What they did
Independence is the key to helping special-needs pupils make the most of their education and lives. Travel is particularly important. Research shows pupils become socially isolated when they leave school if they have not learnt how to get around on their own.
Beacon Hill is a new special school for pupils aged between three and 19 with severe learning difficulties and autism, and has concentrated on encouraging independent travel. Most of its pupils come to school by taxi so they do not know how to use public transport or how to cross the road safely.
Beacon Hill has its own travel training facility, with real traffic lights and pelican and zebra crossings in the car park. All the special schools and five colleges in Tyne and Wear now use it. Three travel trainers also teach young people how to cope with independent travel. The result? Many pupils now travel to and from schools and colleges on their own.
Next, it plans to set up a small Metro station with a ticket machine, platform and electronic doors that will give pupils confidence to use the real Newcastle Metro.
Teachers believe the programme improves literacy, numeracy, behaviour, communication and confidence.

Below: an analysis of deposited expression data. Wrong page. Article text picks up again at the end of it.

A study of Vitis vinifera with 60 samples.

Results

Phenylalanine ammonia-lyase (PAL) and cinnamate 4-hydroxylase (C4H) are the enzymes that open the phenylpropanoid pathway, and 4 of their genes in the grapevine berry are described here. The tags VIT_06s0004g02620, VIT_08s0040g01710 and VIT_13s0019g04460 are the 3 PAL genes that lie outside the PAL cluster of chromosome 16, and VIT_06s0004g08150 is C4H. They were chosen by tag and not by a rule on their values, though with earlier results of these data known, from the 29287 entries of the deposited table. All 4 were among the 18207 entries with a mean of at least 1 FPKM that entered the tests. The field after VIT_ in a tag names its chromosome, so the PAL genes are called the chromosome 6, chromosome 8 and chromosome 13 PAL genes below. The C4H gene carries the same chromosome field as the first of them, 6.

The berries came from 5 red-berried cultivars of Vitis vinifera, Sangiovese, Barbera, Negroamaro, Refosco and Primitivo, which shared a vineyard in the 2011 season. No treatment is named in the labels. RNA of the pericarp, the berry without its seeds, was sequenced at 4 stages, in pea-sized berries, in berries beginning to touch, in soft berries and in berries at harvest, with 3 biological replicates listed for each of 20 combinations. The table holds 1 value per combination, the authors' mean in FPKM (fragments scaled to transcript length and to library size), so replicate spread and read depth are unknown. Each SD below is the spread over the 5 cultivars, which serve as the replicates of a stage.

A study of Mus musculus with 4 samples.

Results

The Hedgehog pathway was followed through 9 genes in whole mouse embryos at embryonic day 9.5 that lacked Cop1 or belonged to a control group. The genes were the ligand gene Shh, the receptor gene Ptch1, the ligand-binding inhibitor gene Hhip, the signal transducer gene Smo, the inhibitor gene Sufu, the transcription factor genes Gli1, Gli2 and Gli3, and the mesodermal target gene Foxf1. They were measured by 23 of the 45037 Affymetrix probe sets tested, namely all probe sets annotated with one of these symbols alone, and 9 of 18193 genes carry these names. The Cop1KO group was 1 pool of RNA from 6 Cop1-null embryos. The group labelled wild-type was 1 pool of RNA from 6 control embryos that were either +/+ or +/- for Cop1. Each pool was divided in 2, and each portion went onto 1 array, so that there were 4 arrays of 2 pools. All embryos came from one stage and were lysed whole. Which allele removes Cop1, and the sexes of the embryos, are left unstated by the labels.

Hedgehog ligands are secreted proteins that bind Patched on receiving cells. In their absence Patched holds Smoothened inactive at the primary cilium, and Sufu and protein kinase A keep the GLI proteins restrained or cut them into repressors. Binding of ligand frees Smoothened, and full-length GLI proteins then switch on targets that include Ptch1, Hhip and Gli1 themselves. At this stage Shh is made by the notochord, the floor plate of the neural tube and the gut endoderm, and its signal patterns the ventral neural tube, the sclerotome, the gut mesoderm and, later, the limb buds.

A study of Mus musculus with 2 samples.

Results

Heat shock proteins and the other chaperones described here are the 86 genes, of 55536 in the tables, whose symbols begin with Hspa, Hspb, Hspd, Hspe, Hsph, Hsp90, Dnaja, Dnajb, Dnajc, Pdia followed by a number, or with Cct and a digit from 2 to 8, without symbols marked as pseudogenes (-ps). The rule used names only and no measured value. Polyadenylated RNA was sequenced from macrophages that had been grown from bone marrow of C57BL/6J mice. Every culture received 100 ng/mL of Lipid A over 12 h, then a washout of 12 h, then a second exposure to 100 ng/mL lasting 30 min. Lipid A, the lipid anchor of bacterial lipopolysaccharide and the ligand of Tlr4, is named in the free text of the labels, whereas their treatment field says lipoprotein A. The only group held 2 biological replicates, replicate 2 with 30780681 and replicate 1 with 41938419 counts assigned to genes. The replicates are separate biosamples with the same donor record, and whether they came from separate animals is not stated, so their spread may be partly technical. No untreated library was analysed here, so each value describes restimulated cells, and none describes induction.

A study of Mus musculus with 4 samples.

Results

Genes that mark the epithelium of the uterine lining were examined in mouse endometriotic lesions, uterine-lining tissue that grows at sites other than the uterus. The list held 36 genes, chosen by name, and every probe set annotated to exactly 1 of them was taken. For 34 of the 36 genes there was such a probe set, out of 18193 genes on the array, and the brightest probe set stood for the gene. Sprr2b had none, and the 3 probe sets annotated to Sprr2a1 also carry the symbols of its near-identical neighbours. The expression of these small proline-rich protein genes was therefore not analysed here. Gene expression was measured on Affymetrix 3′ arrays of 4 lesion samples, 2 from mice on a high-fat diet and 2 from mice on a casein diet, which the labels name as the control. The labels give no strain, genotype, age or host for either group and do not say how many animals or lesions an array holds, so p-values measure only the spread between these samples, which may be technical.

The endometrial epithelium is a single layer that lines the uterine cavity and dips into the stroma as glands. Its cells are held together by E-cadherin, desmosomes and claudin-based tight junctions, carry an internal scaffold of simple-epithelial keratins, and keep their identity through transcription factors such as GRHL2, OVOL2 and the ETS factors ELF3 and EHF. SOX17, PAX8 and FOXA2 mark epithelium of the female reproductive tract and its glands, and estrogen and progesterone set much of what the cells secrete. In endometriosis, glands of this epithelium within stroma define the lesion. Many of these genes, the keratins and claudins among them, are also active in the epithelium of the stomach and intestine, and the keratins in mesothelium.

What the judges said
Beacon Hill was a clear winner because of its innovative approach in the important field of autism, according to the judges. The school had developed a great idea that other schools and colleges were adopting. They said: "The independent travel training facility is a wonderful initiative promoting independence for all pupils. The focus on skills for life throughout the school is admirable."
You could do it too
Other schools took a variety of approaches to tackle many different special educational needs. One created a "forest school" programme for pupils with educational, social and behavioural difficulties; another built learning-needs profiles for each pupil so that it was easier to see a child's underlying strengths; another offers "praise pods" to promote a culture of positivity. Meanwhile, another school offers access to an IT programme before school called Fast ForWord, which trains the brain to hear more accurately and quickly.
About the awards
The TES Schools Awards, or TESSAs, celebrate and reward the professionalism and flair of teams which make an outstanding contribution to primary and secondary schools in the maintained and independent sectors. This year's event attracted hundreds of entries and the panel of judges was impressed by their range and quality. Next year's TESSAs will be held at London's Grosvenor House hotel on June 17, 2010, and is open for entries at www.tes.co.ukawards.